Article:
This summer, the interns at the Acton Institute have bonded over campfires, swing dancing and piles of folders and name tags. About half of the 18 interns are Catholic, and the others subscribe to a variety of Protestant denominations. Although most of us are studying economics, we each care deeply about our faith. As the evenings progress, our conversations often turn to topics of religion and theology.
Acton University attracts participants from a variety of denominations and religions around the world. This year, Peter Kreeft, a highly regarded professor of philosophy at Boston College, gave a presentation titled “What Catholics and Protestants Have in Common.” Kreeft is a convert from the Dutch Reformed Church to Catholicism, who is passionate about how Catholics and Protestants relate to one another. He ended his lecture with four practical rules for anyone in an ecumenical setting.
- “Don’t idolize anything (even reunion).” Sometimes people value the idea of unity so much that they are willing to sacrifice truth to achieve some level of agreement. As the interns discuss tricky theological questions, we are sometimes frustrated that we can’t come to a resolution to our heated discussions. We need to remember that, while unity is important, our goal should be to grow closer to God. If we truly grow closer to Him, we will grow closer to each other. This process will be the result of God’s unity and truth, not our own efforts.
- “Begin with what we have in common.” Kreeft devoted a good deal of his lecture to reminding us of all the things Christians share. His goal was not to dismiss or minimize differences, but to remind us of some of the things that matter most. For the interns, we began a few weeks ago with a shared love for God, for truth, for the free market, for adventure and for cinnamon rolls (which is no small starting point).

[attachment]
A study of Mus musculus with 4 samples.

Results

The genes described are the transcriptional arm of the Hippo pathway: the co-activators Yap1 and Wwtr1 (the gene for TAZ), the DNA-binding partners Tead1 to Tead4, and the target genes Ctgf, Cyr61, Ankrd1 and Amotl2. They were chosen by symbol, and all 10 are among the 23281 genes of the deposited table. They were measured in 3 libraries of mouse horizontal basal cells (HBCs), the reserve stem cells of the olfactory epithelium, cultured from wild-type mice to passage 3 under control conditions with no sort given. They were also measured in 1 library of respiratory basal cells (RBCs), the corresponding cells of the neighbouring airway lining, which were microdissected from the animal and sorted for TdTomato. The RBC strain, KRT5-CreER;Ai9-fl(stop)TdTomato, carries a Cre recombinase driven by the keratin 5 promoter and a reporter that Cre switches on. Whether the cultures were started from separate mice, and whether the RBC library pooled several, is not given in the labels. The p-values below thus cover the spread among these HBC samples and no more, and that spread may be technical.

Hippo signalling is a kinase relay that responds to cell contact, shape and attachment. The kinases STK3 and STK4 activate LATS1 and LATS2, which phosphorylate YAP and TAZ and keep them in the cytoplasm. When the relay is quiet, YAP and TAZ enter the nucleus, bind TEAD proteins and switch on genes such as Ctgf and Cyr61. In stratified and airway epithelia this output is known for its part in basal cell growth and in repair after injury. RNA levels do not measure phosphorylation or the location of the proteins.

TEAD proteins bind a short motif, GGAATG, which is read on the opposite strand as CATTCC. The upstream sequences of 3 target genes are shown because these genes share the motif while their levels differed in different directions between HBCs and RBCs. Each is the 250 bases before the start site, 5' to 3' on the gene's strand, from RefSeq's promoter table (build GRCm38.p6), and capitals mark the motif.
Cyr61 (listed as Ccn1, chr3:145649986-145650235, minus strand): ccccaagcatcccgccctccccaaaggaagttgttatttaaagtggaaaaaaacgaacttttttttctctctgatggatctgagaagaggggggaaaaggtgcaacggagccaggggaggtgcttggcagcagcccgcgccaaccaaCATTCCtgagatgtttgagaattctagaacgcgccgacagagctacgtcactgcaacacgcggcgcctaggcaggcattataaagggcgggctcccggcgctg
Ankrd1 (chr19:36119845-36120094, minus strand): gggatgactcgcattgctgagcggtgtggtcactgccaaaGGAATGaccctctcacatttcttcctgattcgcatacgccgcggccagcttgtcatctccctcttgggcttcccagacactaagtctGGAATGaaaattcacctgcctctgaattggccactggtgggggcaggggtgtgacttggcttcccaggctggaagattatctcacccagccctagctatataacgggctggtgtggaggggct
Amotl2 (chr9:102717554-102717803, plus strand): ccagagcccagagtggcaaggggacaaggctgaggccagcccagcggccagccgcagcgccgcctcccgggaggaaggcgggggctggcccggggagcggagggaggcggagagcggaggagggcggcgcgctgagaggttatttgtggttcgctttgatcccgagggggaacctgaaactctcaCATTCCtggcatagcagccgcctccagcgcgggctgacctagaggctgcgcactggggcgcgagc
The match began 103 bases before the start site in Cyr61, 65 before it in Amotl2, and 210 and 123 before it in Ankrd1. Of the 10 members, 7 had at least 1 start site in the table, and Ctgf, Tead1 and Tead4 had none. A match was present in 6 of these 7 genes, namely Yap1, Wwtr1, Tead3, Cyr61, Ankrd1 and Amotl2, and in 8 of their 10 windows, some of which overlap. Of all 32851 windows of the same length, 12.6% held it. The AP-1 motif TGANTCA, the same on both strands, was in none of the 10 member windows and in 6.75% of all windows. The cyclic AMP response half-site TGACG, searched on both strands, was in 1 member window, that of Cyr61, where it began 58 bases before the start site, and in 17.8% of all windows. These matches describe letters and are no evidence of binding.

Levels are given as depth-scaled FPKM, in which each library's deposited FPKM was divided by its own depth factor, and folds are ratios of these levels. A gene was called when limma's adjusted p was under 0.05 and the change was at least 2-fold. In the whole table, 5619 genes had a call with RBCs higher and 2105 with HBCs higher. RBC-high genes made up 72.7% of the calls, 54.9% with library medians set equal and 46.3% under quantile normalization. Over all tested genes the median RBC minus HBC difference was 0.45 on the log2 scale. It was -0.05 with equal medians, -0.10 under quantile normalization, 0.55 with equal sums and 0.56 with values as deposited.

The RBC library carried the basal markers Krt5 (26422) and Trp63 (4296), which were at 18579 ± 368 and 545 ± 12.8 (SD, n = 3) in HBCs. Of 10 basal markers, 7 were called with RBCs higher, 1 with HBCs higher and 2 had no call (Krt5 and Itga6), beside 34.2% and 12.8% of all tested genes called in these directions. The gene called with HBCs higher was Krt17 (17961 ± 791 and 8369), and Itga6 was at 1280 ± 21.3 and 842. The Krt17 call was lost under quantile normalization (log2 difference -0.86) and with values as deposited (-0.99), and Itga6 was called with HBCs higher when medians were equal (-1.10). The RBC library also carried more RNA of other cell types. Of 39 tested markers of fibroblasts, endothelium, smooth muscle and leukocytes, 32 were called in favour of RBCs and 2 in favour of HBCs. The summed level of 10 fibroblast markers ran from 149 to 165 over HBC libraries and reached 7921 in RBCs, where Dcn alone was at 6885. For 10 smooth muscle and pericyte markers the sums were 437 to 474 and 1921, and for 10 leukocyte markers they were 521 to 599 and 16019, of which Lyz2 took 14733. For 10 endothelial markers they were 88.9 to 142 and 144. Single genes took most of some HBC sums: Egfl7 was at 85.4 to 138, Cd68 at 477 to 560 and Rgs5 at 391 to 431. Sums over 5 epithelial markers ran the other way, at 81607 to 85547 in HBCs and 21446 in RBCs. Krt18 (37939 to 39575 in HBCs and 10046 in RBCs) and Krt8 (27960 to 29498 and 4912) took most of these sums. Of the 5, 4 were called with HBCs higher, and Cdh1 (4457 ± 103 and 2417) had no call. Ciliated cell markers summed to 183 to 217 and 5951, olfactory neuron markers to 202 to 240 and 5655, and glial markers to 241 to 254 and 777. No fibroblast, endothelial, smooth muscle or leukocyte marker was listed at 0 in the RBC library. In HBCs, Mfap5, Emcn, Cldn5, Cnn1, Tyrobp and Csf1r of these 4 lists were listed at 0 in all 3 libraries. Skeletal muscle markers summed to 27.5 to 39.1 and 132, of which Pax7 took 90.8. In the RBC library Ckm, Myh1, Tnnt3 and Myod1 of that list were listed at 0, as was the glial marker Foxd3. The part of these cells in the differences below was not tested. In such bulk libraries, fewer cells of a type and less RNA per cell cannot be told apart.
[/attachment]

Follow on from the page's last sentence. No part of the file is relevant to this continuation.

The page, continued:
- “Listen. Sincerely, open-mindedly, honestly.” One of the best ways to do this is to ask a question to which you honestly don’t know the answer. Among the interns at Acton, minds often jump from one idea to the next as we draw connections and comparisons; very soon we are interrupting the answer to our original question. Patiently listening and waiting for each other to speak can make the difference between multiple people giving monologues and a productive dialogue between equals.
- “Listen to God. Pray to conform your will to His.” This last rule is what truly unifies the church. Some interns cross themselves when they pray while others do not. Some prefer beautiful memorized prayers that have stood the test of time, while others prefer impromptu, heartfelt adoration. Still, we have joined together in prayer before meals and Bible Study, going to the same God for wisdom, truth and grace.
These same ideas can be applied when Christians discuss politics. Thoughtful believers can disagree on important issues, and sometimes these debates can get more heated than religious discussions. Remembering these principles when discussing ideas such as socialism, fair trade and public unions helps us treat each other with respect.
The comradery we feel is not the result of a relativistic belief that each opinion is as right as the next. After all, Kreeft joined the Catholic Church because he believes it speaks truth in areas where the Dutch Reformed Church does not. Instead of clinging to the false unity of relativism, the interns understand that we each have some access to the objective truth found in God. Although each of us tends to believe that we are the one with the clearer and more accurate picture, we must choose to humbly seek the truth. This side of heaven, we can’t perfectly identify where we’ve erred or fully comprehend what is merely a glimmer of the true Light. By focusing on the truth and making an effort to really listen, practicing intellectual humility and seeking God, we can meaningfully engage with one another.
C. S. Lewis speaks about denominational differences in Mere Christianity. He compares the truths all Christians share to a great hall and the various denominations within Christianity to rooms in a house. “When you have reached your own room, be kind to those who have chosen different doors and to those who are still in the hall. If they are wrong they need your prayers all the more; and if they are your enemies, then you are under orders to pray for them. That is one of the rules common to the whole house.” At Acton University, people from over 80 countries had the opportunity for “hallway” encounters with believers of different faith traditions. As we return to our rooms after the conference, we ought to continue to lift each other up in prayer as we seek truth about God and society.